For blood-and-thunder space opera, this is the series to be reading. There is plenty of hard SF technical and engineering foreplay, while the plot is one climax after another. The only trouble is not giving away any spoilers in a review. The Kollin brothers very wisely do not let a single human protagonist define the series; the actual “protagonist” is the evolutionary process of individual freedom, which sure as the speed of light doesn’t happen randomly.
In a future where all of humanity has been incorporated, so that each infant is born into a tight meshed system of debts, credits, and obligations, one man, Justin Cord, was revived from a cryochamber and, because he was no part of the status quo, unintentionally became an agent of change. The idea of freedom was so powerful that thousands, millions gave up their security and even their lives to make it a possibility.
In a top-flight story and this is definitely top-flight it’s never as simple as “we’re all right, you’re all wrong.” In this story, decent people get suborned, misinformed, or manipulated; others do bad things competently, or incompetently undertake to do good things. As a reader, you are going to have favorite characters, both to love and to hate, and you are comfortable with your judgments. At some point, the authors are probably going to say or do something which totally disrupts your complacency and propels you from your comfort zone.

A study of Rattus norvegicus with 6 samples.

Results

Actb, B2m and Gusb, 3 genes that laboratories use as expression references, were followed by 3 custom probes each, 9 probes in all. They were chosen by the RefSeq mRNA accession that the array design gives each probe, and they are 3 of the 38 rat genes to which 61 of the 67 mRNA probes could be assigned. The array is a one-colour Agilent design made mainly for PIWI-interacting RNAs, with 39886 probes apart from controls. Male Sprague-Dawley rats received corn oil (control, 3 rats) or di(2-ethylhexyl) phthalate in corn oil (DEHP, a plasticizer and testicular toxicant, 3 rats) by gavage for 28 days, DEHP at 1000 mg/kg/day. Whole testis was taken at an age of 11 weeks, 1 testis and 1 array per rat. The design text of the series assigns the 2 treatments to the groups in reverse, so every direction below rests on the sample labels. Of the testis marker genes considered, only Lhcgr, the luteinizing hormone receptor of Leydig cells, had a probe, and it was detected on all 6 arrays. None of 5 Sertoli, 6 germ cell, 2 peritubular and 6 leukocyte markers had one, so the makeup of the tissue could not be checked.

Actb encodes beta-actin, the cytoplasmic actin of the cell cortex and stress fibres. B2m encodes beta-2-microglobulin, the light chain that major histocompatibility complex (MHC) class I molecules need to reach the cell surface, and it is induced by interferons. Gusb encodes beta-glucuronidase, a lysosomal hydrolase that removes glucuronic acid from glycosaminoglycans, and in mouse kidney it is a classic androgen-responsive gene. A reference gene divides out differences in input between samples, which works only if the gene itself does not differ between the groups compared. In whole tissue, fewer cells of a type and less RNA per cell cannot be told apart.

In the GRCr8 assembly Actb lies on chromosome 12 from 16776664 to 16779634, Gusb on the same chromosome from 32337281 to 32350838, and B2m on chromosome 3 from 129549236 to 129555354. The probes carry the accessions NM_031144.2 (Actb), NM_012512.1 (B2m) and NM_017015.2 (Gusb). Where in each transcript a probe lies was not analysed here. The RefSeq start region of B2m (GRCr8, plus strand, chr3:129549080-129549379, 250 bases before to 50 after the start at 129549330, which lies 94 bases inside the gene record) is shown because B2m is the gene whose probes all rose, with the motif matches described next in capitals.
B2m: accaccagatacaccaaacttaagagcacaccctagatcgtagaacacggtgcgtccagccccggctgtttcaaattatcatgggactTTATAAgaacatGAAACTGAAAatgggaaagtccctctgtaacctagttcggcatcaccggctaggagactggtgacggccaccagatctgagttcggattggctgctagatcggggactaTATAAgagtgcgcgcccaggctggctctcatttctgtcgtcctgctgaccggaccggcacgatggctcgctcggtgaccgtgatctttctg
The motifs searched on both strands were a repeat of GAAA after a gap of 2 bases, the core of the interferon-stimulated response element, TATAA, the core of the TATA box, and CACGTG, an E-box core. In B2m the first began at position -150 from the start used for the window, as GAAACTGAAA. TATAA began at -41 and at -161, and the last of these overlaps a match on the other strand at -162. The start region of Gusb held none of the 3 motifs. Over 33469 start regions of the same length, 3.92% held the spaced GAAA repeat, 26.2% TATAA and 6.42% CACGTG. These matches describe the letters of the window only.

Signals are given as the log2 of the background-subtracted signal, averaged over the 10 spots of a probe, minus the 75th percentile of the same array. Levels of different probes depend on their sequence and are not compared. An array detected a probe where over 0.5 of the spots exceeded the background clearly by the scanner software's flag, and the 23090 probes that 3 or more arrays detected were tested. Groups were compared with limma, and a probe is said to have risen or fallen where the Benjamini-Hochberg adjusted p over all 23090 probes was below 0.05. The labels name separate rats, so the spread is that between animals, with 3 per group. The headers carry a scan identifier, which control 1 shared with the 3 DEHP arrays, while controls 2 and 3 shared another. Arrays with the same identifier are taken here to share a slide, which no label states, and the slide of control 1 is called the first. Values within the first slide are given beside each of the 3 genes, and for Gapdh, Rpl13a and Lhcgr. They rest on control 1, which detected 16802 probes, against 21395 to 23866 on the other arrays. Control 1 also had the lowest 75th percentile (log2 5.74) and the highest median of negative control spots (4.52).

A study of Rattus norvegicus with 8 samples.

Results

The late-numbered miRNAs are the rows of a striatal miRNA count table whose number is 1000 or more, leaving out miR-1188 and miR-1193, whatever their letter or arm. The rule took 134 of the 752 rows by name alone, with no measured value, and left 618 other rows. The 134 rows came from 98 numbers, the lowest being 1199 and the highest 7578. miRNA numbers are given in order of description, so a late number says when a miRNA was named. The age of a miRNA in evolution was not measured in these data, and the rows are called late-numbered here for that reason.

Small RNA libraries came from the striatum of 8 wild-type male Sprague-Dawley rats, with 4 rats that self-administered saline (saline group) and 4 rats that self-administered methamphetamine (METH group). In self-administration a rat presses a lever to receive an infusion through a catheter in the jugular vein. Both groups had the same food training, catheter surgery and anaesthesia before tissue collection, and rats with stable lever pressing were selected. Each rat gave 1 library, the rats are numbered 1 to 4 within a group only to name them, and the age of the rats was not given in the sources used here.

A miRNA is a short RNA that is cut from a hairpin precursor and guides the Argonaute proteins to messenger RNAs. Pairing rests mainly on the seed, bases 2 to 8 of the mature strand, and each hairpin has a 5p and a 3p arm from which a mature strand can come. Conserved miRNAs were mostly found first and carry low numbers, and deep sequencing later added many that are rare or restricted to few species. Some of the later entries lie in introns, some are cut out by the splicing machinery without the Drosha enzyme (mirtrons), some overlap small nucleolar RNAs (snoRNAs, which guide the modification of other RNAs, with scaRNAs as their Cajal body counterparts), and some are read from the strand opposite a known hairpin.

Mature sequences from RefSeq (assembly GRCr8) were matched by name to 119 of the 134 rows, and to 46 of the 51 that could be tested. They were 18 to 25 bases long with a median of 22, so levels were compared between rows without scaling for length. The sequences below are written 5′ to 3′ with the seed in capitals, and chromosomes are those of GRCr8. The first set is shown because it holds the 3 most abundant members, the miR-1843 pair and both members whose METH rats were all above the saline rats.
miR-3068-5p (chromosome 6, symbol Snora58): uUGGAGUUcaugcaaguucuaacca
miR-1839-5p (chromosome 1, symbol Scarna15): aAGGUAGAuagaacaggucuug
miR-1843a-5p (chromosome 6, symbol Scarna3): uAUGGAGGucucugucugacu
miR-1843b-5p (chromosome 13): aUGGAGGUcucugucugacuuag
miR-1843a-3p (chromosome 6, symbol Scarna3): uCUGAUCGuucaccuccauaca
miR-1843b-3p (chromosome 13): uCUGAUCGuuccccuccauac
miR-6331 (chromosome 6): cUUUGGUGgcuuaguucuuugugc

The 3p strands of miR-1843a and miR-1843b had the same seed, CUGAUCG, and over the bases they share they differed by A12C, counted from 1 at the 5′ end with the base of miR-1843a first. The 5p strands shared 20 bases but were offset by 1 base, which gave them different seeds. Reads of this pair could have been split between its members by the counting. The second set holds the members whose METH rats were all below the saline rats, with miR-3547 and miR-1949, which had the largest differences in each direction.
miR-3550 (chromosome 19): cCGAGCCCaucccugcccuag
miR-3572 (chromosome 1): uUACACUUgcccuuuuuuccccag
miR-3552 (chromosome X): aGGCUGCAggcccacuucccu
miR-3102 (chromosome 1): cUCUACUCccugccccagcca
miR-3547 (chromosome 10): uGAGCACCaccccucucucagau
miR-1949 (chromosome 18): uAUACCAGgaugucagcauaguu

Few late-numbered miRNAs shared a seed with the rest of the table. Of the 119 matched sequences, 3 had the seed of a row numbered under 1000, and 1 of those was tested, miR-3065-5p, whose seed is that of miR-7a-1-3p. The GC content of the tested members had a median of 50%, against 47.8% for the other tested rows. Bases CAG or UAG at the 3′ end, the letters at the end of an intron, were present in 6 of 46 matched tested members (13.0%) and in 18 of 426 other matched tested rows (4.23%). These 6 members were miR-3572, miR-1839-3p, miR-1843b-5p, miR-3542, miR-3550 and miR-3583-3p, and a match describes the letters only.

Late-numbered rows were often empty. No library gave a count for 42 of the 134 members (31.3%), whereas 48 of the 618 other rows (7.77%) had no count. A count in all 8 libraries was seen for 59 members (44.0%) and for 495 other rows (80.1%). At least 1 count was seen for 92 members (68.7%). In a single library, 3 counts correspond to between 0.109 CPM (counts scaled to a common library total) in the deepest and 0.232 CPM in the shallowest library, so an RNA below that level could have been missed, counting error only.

At the beginning of this, the third installment, the rebellion
is in trouble, and for a while it does nothing but get worse. Not only are key leaders eliminated from play, entire support systems are destroyed by well-timed attacks. General Black is needed on the front, but President Black is needed in the council chamber; and since both General and President are the same person, J.D. Black needs to find someone to keep the President’s seat warm and free her up for the serious work of winning some victories for the beleaguered
. But it needs to be someone who won’t joggle her elbow. The solution? Revive another unincorporated person! Behold: Dr. Sandra O’Toole, scientist, inventor and an unexpectedly astute politician.
As intimated, the plotting is fantastic. What makes this series brilliant, however, is the masterful deployment of dramatic irony. The utterly unexpected keeps happening to everybody: a quiet, unassuming and very mediocre person becomes a religious authority for the entire galaxy; political and military rivals know each other’s faults, flaws, and motives to a letter except both are wrong; battles are lost scant moments before help can arrive; worms turn and figureheads turn out to have brains and intestinal fortitude. The reader is in the privileged position to know truths that no single character ever discovers. This is what the omniscient voice is for!!!!
Whether it’s politics, epic drama, ideas or action that light your fire, this book has plenty of what you need. ~~ Chris R. Paige,
For another review of The Unincorporated Woman click here.